September 10, 2010

Endless Sunshine

All summer long we have suffered here in my part of the world with too little rain.  It was the hottest summer on record in this state.  It was dry... we got an inch and a half for all of July, and an inch and a half fell once in all of August.  We normally get 3 to 4 inches a month here.

Yet each time I tune in to our local weather on TV, the breathless weatherboy is excitedly telling us "great news Keesha: no rain in the forecast, a glorious weekend coming up."

The chirpy news chickie (sorry, the newswoman) then squeaks: "oooh, Garrett, I hope there's no rain in the long term forecast either to ruin any outdoor plans.  Can you guarantee that?"

And the goofy meteorologist then giggles, "hee hee,  I'll see what I can do"

What?!  Is absolutely everyone in southern New England a beach volleyball player?  Is it that important to have constant sunny perfection for perpetual outdoor entertainment?  Should we just be done with it and import some palm trees?

Does no one garden or tend the earth here?  Some sensitivity, please.  I'm dying here, parched and suffering.  Where is the news about the gardener's and farmer's real and serious issues?

30 years ago it was no different.  In her classic 1981 collection of essays "Green Thoughts"  Eleanor Perenyi complained about Connecticut meteorologists hyping the weather with no connection to its effect on the earth or on the plants and crops that grow on it.

Her assessment was that Americans (more so than Europeans) need to dominate their natural surroundings, including any variability in weather.  And Americans have lost touch with nature, learning to fear anything that does not mimic our well controlled indoor environments.  That was true in her day and it's even more true in today's climate controlled homes, buildings and cars.

There's a whole month's worth of posts that could be written about Americans' relationship to nature and the outdoors.  You could read Last Child in the Woods about nature deficit disorder, or you could follow our state's No Child Left Inside programs that reconnect children with the outdoors (we need structured programs to get kids outside??)

Or you could stop watching the weather entertainment on TV.  It is simply chatter about how much fun everyone will have if only it doesn't rain and the sun just shines.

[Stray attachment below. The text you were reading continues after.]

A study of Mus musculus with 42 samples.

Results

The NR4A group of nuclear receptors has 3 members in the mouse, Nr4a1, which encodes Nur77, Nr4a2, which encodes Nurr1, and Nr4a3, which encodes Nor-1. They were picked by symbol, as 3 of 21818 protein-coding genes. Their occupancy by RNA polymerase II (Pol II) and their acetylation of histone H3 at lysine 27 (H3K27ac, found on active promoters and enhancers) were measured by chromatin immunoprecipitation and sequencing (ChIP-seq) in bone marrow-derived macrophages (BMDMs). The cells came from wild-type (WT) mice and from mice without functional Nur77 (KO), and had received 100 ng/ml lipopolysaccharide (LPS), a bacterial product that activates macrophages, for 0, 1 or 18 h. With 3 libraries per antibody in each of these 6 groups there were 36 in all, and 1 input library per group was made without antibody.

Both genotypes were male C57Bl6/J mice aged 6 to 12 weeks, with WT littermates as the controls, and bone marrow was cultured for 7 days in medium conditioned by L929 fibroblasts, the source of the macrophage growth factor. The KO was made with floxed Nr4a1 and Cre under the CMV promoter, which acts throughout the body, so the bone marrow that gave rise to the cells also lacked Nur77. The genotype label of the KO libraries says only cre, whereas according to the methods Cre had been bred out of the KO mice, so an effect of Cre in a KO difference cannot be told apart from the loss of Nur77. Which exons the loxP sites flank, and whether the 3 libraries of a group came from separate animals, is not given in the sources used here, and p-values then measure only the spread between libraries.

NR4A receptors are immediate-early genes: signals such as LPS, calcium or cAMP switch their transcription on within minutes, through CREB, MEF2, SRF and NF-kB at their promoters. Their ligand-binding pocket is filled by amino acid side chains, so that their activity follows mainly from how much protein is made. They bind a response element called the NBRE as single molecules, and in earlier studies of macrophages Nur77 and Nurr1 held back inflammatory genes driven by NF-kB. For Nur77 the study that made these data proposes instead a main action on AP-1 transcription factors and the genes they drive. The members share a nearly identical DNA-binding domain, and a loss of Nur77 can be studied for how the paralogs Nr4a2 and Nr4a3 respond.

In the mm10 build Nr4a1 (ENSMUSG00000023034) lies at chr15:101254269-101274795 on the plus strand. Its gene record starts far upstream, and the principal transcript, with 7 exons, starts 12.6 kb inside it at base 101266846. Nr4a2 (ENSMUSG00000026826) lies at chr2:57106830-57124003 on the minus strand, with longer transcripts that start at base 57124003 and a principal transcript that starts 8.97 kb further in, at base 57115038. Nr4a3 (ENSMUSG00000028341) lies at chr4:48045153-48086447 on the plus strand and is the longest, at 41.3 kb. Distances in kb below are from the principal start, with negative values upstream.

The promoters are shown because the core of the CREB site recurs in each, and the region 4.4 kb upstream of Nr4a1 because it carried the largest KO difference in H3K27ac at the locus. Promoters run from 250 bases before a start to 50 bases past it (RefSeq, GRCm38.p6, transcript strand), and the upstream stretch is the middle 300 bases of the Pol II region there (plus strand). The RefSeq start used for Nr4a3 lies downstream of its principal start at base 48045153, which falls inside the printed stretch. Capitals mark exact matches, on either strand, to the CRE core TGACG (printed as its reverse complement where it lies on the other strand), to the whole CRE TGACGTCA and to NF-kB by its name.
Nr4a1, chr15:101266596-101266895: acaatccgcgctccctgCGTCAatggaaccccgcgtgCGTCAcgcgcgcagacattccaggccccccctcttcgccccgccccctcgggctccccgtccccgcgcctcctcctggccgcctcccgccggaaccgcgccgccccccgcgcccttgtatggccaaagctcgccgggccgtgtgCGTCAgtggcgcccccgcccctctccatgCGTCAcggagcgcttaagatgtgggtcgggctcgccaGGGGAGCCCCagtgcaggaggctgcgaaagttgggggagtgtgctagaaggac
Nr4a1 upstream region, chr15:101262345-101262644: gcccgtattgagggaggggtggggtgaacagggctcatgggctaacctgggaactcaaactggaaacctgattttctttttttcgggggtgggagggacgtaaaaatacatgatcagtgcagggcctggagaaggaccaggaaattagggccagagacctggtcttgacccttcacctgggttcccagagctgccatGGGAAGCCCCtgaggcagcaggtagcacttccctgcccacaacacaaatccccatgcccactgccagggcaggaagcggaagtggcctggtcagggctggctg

If you are outdoors all day you don't need to hear a weather forecast.  As Eleanor Perenyi writes, the gardener knows "rain really is imminent when the leaves turn their backs to the wind, smoke goes to ground and the earthworms rise to the surface."

Rain.  My idea of a fun weekend.


  1. I feel your pain Laurrie. We have had the same conditions here. I am so happy today that it is raining here. It is predicted that we will get almost an inch. What a blessing to the soil and all of nature here. The rain has lifted my spirits like no amount of sunshine could do right now.

  2. Out out damn drought! Those fools on TV don't reflect what my friends and neighbors are saying - the people want the rain!

  3. Lisa, isn't it amazing when rain can lift the spirits! I am so glad to hear you are getting rain. Please send it east when you are done with it.

    Cyndy, the fools on TV must not even have a pot of geraniums on their balconies.

  4. I feel sorry for you Laurrie, we got rain here everyday on Labour day weekend, and they are calling for rain on Sunday as well. I'll start blowing the rainclouds south for you.

  5. Deborah, we rely on all of you to the west and north of us to send us your weather... I'll be waiting for your rainclouds!

  6. You should switch to News8. Geoff Fox often says we need rain or more bad news for the farmers/gardeners out there. The anchors want nice sunny weather every day, but Geoff knows we need rain.